The Global Management Development Training Facilities completed in November 1999
We celebrated the 80th anniversary of our founding in 1998. In his remarks at the management policy announcement in January, President Morishita offered words of heartfelt gratitude for the many years of patronage and support we have received from our customers, clients, and shareholders the world over, as well as for founder Konosuke Matsushita and the many others who came before us to lay the pathway to our current prosperity and growth.
Additionally, in commemoration of our 80th anniversary, it was announced that two commemorative events based on the concept of developing human resources that will take on our work in the 21st century:
(1) Establishment of the Panasonic Scholarship
(2) Establishment of the Global Management Development Training Facilities
A program that makes available stipends to foreign students, the Panasonic Scholarship is aimed at developing individuals who can contribute to the development of Asia in the 21st century and the promotion of mutual understanding globally. For the five-year period spanning 1998 to 2002, about 200 foreign students were given support.
A facility intended to develop managerial human resources ready to take on 21st century global and group management, the Global Management Development Training Facilities were built inside of the HR Development Center in Hirakata City. The building was equipped with an Internet multipoint video MPEG conferencing system, which made possible mutual communication between the various training rooms within the building. This was accompanied by the creation of instructional materials which made use of digital network technology and development of new educational systems at the HR Development Center.
And as 80th anniversary commemorative items, 79 products from across the company were designated as “product firsts” and brought to market through collaborations between Business Divisions and Sales Divisions.
As television broadcasts around the world went digital and the related market saw the emergence of large changes, Panasonic threw Groupwide resources into our approach to the digital television systems business.
In October 1997, the Group-Wide Digital TV System Committee, with President Morishita as its chair, initiated a strategic effort at getting the business off the ground by 1999. This plan had at its core the two projects of “Information Strategies” and “Intellectual Property Strategies,” as well as two development projects in “Platform” and “Broadcast Station Systems.”
Under these circumstances, in October 1998 we got the jump on the rest of the industry by releasing digital television sets and reception adapters (set-top boxes) compatible with all 18 digital terrestrial broadcast formats to coincide with the start of digital terrestrial broadcasts in the US. In Europe, we released set-top boxes compatible with the interactive digital satellite broadcasting of UK's BIB.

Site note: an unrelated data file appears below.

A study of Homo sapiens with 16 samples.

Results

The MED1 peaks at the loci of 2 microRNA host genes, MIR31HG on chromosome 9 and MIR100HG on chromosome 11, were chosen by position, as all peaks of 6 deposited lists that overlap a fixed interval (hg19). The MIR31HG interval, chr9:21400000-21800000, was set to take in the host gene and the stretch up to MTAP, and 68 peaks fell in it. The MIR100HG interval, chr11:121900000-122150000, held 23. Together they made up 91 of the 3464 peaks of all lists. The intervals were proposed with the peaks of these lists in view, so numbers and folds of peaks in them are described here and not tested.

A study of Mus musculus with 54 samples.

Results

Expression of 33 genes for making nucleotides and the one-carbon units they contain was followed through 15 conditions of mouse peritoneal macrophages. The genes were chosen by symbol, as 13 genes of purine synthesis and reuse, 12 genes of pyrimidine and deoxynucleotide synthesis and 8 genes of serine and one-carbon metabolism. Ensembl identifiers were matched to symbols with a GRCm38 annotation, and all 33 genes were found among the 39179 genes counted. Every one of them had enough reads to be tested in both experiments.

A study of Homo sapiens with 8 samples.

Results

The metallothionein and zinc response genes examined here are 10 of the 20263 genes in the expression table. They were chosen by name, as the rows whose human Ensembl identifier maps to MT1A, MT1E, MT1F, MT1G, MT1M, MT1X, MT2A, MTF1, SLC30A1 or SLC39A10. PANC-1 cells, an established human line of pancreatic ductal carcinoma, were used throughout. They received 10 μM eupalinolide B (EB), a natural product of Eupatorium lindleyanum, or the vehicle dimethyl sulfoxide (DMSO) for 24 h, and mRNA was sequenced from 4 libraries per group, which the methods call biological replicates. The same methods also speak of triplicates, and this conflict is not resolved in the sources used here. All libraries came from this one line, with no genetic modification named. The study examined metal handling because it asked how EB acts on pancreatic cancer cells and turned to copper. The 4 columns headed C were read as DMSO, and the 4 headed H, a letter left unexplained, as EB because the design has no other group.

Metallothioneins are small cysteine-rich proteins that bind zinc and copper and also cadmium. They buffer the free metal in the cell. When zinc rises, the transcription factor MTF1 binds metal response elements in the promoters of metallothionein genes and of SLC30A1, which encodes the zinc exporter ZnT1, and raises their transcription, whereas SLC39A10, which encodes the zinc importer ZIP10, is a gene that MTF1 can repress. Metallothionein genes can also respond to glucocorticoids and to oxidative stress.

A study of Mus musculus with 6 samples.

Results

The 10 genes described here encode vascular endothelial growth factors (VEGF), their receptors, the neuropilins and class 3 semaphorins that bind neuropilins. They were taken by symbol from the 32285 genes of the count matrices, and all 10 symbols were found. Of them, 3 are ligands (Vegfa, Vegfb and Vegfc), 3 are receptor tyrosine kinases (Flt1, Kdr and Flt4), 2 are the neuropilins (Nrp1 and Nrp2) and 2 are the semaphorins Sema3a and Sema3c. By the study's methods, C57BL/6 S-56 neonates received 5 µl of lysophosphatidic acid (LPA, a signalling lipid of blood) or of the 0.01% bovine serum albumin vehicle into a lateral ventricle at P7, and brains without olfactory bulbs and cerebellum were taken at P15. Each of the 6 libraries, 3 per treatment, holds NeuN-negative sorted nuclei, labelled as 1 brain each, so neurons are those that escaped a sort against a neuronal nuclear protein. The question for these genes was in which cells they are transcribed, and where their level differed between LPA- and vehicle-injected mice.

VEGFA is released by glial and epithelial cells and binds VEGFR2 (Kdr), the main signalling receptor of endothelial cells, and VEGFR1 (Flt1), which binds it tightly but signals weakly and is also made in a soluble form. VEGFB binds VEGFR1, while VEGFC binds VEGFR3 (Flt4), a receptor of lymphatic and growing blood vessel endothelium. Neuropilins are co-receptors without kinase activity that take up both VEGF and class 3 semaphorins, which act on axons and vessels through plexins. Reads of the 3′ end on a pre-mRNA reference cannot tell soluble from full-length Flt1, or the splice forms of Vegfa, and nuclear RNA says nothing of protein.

Furthermore, in Japan, in anticipation of the start of BS digital broadcasting in December 2000, in September 2000 we released BS digital HD television sets fully compatible with digital HD broadcasts and data broadcasts.
The set-top box and 56-inch wide-projection television set released in the US
The DVCPRO series video systems, the
PD900W/PD950/D810, were developed in 1998 in response to high-definition production 525i/525p and wide-image production.
They were broadcasting digital VTRs capable of digital recording of high-definition images that could run up to 2 hours. Though both the main system and tape were compact, lightweight, and low-cost, the image was of high enough quality for broadcast production.
Industry-first portable DVD players, two models, were produced in 1998. The DVD-L10 was a portable DVD player with a 16:9 LCD screen, the world's first, that allowed users to "enjoy DVD any time, anywhere." The DVD-P10 was the world's smallest and lightest portable DVD player.
While maintaining the high-quality image and sound performance and multiple functions of regular-size DVD players, the models were built with a dramatically small and light cabinet. They expanded the world of viewing DVD in many new and different ways.
Digital TVs, receivers and tuners (set top box), were put on the market in the U.S. in October, 1998, when dramatic changes were under way in related markets, with the trend in TV broadcasting going digital on a world scale.
Taking advantage of the start of digital terrestrial broadcasting in the U.S., a TV set was produced, before any competitors, that was adaptable to all 18 digital ground-based broadcast formats.